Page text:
How important is controlling air pollution to the Bay cleanup effort?
It's a matter of perspective.
In 1987, the Bay States agreed to reduce the amount of the nutrients phosphorus and nitrogen entering the Bay 40 percent by the turn of the century to improve the Chesapeake's water quality. Those nutrients spur excess algae production in the Bay. When t he algae die and sink to the bottom, they decompose in a process that depletes the water of oxygen needed by aquatic organisms, thereby limiting habitat. Computer models in 1987 indicated that a 40 percent nutrient reduction would decrease algae productio n enough to end low-oxygen conditions in the Bay.
That goal was re-evaluated in 1992, when research showed that large amounts nutrients were "uncontrollable" - they were part of the natural "background" nutrient load; originated from parts of the watershed outside the Bay Agreement signatory states of M aryland, Virginia and Pennsylvania; or resulted from air pollution. At that point, air pollution was considered too difficult to control for Bay cleanup purposes.
The bottom line: While the Bay gets more than 300 million pounds of nitrogen a year, nearly half of that was considered uncontrollable. The 40 percent reduction - measured only from the smaller, controllable, portion of the nitrogen load - amounted to a bout 74 million pounds a year.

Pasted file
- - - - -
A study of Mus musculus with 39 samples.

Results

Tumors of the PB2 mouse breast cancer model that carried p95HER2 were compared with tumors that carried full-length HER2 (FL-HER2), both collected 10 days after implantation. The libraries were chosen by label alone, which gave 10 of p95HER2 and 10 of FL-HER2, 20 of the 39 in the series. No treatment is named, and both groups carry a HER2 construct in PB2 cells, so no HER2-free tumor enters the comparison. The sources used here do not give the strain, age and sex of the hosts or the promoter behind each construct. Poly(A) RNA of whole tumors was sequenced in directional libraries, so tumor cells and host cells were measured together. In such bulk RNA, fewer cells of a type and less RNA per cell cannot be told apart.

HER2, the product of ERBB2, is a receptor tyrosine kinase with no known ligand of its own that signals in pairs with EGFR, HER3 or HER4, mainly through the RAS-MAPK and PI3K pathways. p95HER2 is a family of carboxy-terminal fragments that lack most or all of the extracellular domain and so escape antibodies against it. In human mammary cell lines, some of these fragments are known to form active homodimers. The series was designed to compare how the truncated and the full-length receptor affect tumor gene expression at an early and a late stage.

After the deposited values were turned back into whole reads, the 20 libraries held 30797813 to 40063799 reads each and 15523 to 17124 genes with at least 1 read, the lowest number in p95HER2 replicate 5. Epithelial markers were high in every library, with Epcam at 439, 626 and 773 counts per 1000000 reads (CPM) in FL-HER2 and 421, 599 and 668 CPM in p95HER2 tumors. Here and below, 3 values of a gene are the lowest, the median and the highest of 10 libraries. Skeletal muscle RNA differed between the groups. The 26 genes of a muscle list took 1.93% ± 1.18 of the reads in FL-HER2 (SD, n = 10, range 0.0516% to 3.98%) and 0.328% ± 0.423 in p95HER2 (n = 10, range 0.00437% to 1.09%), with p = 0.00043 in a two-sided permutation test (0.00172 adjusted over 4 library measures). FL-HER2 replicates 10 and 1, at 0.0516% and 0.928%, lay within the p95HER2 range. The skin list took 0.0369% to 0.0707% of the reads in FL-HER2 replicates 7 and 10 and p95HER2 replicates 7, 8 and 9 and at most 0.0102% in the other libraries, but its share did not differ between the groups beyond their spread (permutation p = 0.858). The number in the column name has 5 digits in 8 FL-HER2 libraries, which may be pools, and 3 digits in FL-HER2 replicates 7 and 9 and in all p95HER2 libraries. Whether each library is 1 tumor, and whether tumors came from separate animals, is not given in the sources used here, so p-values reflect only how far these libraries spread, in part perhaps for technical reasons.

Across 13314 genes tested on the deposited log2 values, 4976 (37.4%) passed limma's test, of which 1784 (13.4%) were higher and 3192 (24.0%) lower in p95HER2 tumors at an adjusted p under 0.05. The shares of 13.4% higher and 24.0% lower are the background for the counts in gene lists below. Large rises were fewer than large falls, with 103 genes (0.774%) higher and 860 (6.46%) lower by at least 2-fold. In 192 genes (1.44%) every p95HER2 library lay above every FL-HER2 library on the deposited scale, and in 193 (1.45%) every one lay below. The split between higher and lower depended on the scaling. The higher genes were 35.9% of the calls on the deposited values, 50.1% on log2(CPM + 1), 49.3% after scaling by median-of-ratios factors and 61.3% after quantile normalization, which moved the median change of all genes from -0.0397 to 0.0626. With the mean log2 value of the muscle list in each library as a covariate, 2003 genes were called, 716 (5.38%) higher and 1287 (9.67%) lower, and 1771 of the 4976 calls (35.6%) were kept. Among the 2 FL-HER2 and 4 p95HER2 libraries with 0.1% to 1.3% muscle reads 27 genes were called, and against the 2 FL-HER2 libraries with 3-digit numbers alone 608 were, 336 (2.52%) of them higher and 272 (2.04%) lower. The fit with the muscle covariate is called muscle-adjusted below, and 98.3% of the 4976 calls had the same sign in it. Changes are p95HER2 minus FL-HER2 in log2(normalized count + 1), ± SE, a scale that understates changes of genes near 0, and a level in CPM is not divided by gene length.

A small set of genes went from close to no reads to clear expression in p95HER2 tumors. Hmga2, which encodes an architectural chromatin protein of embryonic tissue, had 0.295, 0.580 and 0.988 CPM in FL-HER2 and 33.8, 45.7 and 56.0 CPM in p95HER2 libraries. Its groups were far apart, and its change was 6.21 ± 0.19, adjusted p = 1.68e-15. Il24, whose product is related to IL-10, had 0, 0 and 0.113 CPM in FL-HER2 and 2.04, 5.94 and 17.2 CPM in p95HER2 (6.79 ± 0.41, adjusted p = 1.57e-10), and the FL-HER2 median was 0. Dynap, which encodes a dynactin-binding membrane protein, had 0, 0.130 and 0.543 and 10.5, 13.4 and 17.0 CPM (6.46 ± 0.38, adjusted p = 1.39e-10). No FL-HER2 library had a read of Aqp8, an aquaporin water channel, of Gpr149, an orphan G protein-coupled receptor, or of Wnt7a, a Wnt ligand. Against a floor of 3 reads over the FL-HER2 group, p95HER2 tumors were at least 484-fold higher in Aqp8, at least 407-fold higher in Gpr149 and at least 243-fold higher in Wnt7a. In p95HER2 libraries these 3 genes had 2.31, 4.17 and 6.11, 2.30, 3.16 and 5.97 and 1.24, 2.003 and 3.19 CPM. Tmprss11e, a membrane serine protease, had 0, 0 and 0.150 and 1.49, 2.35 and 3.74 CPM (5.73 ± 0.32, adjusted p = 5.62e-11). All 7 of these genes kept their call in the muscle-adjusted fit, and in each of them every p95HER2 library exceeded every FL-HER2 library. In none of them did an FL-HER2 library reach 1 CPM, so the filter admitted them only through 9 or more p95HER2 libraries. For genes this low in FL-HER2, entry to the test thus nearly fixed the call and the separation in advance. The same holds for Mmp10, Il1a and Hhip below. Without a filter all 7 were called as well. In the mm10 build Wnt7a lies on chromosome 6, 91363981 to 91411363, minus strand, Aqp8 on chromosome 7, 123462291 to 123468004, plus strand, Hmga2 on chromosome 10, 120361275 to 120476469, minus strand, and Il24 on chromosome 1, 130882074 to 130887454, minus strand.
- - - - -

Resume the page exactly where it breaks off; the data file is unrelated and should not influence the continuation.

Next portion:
Computer water quality models showed that amount of reduction would not eliminate low-oxygen conditions in the Bay, but it would significantly improve water quality. In 1992, the 74 million pound reduction figure for nitrogen was adopted. It was also agr eed that after the reduction was achieved, nutrient loads would be "capped" at the reduced level (with about 230 million pounds entering the Bay a year).
The 74 million pound goal has been difficult to reach, and achieving it will push nutrient control efforts on farmlands and at sewage treatment plants in some areas of the watershed to the limit of current technology, according to reports from the Bay st ates and the Bay Program.
Maintaining the 230 million pound cap despite population growth - which will result in more sewage and air pollution - will be even more difficult. As other traditional water pollution control methods reach the "limit of technology," officials see air po llution as a potentially important tool in maintaining the cap.
For example, modeling done for the Bay Program indicates that implementing the 1990 Clean Air Act controls on cars and power plants would decrease the amount of nitrogen reaching the Bay by about 5 percent. But that is equivalent to 18 percent of the 74 million pound reduction being sought by the turn of the century. Many of the Clean Air Act controls will not take affect until after that time, but as they do, they may help maintain the nutrient cap. Seeking additional air pollution reductions, if feasible, would help even more.